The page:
As General Raheel Sharif retired from the post of Pakistan’s army chief, Lieutenant General Qamar Javed Bajwa was appointed as the 16th chief of army staff (COAS) in Pakistan. While his professionalism as an army person and the resumption of India-Pakistan border tensions made headlines as reasons for his appointment, those headlines failed to shed a light on the major driving factor: the China-Pakistan Economic Corridor (CPEC).
There is a widespread view that Bajwa was appointed for his reputation of being a professional army person and that his appointment was made in order to check decades of India-Pakistan regular border issues in Kashmir. It is widely thought that, considering Pakistan’s history of military coups, Prime Minister Nawaz Shariff believed that an army professional like Bajwa would be the right person as the army chief, since he would be less interested in hopping into state politics. Although this analysis was not wrong, this is not the major reason behind Bajwa’s appointment.
Other argue that in a bid to put the highest-ever focus on Kashmir, Pakistan’s Prime Minister Nawaz Sharif made sure that a man with huge expertise on Kashmir was appointed as the COAS. Many believe that the recent tension along the Line of Control in Kashmir (militant attacks in India allegedly originating from Pakistan and India’s retaliation through the alleged surgical strikes on Pakistan’s side of the LoC) is the sole reason behind Pakistan’s efforts to further increase its military focus on its side of Kashmir, leading to Bajwa’s appointment. This is outright wrong, as tensions with India regarding Kashmir is nothing new and there is already heavy military presence to tackle the issue.
In fact, the decades-old Kashmir-centric rivalry between India and Pakistan has made border disputes a very regular and normal issue not just for the people from both sides, but also for the members of armed forces from both of the neighboring countries. Why then has Pakistan’s focus on Kashmir suddenly increased by many times compared to the past, given that such tensions between Pakistan and India have existed since the independence of these two Asian countries?
The major reason for the increased emphasis is China and Pakistan’s joint desire to see the success of the China-Pakistan Economic Corridor (CPEC), which runs through Pakistan-administered-Kashmir (PAK). Both these countries are appearing desperate to make sure that nothing stops the project from becoming a reality.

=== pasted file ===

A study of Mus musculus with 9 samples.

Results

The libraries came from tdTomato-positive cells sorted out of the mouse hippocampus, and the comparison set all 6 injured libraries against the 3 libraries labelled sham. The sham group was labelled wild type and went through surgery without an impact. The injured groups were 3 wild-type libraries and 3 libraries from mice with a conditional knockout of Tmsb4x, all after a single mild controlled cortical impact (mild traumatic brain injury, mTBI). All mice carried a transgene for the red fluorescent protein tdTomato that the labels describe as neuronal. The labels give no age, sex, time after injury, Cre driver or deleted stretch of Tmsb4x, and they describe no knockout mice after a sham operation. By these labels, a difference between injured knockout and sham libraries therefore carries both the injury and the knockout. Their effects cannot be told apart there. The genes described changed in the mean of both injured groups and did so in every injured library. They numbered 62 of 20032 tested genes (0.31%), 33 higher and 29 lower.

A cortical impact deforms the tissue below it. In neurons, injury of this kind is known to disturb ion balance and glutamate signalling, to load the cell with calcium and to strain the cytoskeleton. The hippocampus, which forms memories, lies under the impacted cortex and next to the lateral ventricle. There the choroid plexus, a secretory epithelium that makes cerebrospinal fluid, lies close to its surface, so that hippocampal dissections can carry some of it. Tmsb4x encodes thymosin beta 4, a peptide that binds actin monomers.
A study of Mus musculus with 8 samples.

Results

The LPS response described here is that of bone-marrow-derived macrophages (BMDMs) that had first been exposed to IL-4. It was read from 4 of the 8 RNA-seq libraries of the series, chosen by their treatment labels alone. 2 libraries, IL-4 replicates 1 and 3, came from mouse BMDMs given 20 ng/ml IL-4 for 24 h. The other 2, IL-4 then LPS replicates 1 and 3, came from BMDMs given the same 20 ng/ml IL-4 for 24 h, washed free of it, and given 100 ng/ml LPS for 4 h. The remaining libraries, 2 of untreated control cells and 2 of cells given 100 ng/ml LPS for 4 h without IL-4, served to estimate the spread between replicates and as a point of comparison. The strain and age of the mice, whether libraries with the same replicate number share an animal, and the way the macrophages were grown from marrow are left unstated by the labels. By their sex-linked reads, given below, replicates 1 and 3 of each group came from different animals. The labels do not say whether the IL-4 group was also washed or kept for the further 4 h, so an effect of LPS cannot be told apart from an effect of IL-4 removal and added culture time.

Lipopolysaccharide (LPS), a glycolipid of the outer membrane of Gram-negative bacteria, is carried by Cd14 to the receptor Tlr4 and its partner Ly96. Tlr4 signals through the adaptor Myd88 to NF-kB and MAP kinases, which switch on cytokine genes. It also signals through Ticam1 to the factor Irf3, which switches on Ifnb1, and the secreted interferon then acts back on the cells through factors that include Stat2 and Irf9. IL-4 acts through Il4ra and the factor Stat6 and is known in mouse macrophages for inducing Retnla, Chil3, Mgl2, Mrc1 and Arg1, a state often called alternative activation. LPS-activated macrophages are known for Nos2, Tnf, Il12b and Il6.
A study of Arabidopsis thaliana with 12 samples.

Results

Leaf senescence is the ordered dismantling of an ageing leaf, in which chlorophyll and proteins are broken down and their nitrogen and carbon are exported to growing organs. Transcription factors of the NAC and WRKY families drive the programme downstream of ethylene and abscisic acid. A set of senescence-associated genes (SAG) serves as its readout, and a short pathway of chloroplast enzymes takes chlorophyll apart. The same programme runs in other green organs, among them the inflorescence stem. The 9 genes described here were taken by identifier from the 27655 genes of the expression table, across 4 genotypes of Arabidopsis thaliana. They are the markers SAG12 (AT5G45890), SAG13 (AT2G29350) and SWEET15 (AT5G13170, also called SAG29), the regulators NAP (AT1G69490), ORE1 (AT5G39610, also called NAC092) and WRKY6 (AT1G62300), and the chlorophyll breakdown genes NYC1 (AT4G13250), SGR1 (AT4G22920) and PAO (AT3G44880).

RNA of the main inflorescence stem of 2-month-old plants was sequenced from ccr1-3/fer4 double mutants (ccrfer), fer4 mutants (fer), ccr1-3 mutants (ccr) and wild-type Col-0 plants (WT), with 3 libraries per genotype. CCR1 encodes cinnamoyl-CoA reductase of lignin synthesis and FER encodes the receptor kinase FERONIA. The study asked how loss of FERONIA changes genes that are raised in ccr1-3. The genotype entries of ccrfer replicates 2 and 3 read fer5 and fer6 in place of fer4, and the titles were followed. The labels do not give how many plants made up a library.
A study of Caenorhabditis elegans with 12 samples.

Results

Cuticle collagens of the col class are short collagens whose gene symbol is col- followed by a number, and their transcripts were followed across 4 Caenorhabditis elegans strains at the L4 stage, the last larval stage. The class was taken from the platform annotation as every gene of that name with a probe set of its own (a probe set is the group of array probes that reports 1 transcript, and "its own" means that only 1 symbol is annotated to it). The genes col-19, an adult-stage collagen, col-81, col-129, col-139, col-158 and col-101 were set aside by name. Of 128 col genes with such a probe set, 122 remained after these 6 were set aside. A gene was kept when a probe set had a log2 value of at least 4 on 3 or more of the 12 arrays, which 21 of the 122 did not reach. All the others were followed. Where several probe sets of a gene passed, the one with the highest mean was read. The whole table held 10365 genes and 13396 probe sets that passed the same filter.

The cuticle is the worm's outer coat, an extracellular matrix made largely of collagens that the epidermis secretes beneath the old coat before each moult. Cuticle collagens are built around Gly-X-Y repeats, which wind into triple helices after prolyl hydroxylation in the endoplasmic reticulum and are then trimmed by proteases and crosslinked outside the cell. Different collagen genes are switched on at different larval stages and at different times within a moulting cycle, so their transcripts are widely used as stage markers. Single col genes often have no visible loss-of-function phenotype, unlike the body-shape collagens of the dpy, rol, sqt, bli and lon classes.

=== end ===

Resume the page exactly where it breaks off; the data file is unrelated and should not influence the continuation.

CPEC: The Real Reason Behind Bajwa’s Appointment
Bajwa has extensive experience in handling Kashmir affairs and Gilgit-Baltistan affairs (formerly known as the Northern Areas) as he was posted three times in the Pakistan Army’s famous 10 Corps, which is responsible for the area along the Line of Control with India. Also, he was commissioned in the 16 Baloch Regiment and served as an instructor at Command and Staff College in Quetta, the provincial capital of Balochistan.
Thus, a major consideration in Bajwa’s appointment is the fact that CPEC has its two geographical ends at two problematic areas, namely Balochistan and Kashmir, both of which are familiar to Bajwa. Thus, Nawaz Sharif perhaps thought that Bajwa has the expertise required to tackle any threats against CPEC in those two problematic areas.
CPEC’s short introduction is that it is China’s only reliable non-Malacca route to the Indian Ocean. China has a huge geographic handicap as it has no direct access to the Indian Ocean. Therefore, the shipments from Europe, the Middle East, and Africa have to reach China by traveling all the way around India, through the Malacca Straits, and past Southeast Asia. China has serious problems with several countries along this route, largely due to territorial and maritime disputes. Thus, China considers it to be in Beijing’s best interests to manage a route through Pakistan to access the Arabian Sea and western part of the Indian Ocean, saving both distance and transportation costs. That is what CPEC means for China.
CPEC would be a corridor of highways and railways that will run from China’s Kashgar (near Pakistan’s Kashmir) to Pakistan’s Gwadar (Balochistan) on the Arabian Sea near the Iranian border.
With regard to CPEC, the “Karakoram” would be the key highway that connects China and Pakistan. Karakoram is in Gilgit-Baltistan, which is adjacent to Pakistan administered Kashmir (PAK). Pakistan army’s newly appointed chief, Qamar Javed Bajwa, was posted there. Thus, given the imminent need of maintaining a secure Karakoram highway for CPEC, the appointment of an army chief who could well be regarded an expert of the area, does not seem to be coincidental, but a purposeful act on the part of Pakistani establishment in order to secure CPEC.
Kashmir is at one edge of CPEC; at the other edge there is Balochistan, where separatist movements are heating up. The increasing unrest in Balochistan and its importance to CPEC are directly related to the fact that the newly appointed army chief, who was commissioned in the 16 Baloch Infantry Regiment, had served as an instructor at Command and Staff College in Quetta, the provincial capital of Balochistan. An army person who is familiar with Balochistan would be viewed as the right person to suppress the Baloch separatist movements and other issues within the province in order to make sure that the CPEC is not interrupted in any manner.
All in all, it appears that Qamar Javed Bajwa’s mission is to make sure that the process of making CPEC a reality remains uninterrupted.
Bahauddin Foizee is a Dhaka-based international affairs columnist. His articles have appeared in many international outlets including Asia Times, Eurasia Review, International Policy Digest, and Modern Diplomacy. He, as a columnist, has regular presence in leading Dhaka-based English dailies, including The Independent, The Financial Express, Daily Observer, and Daily Sun.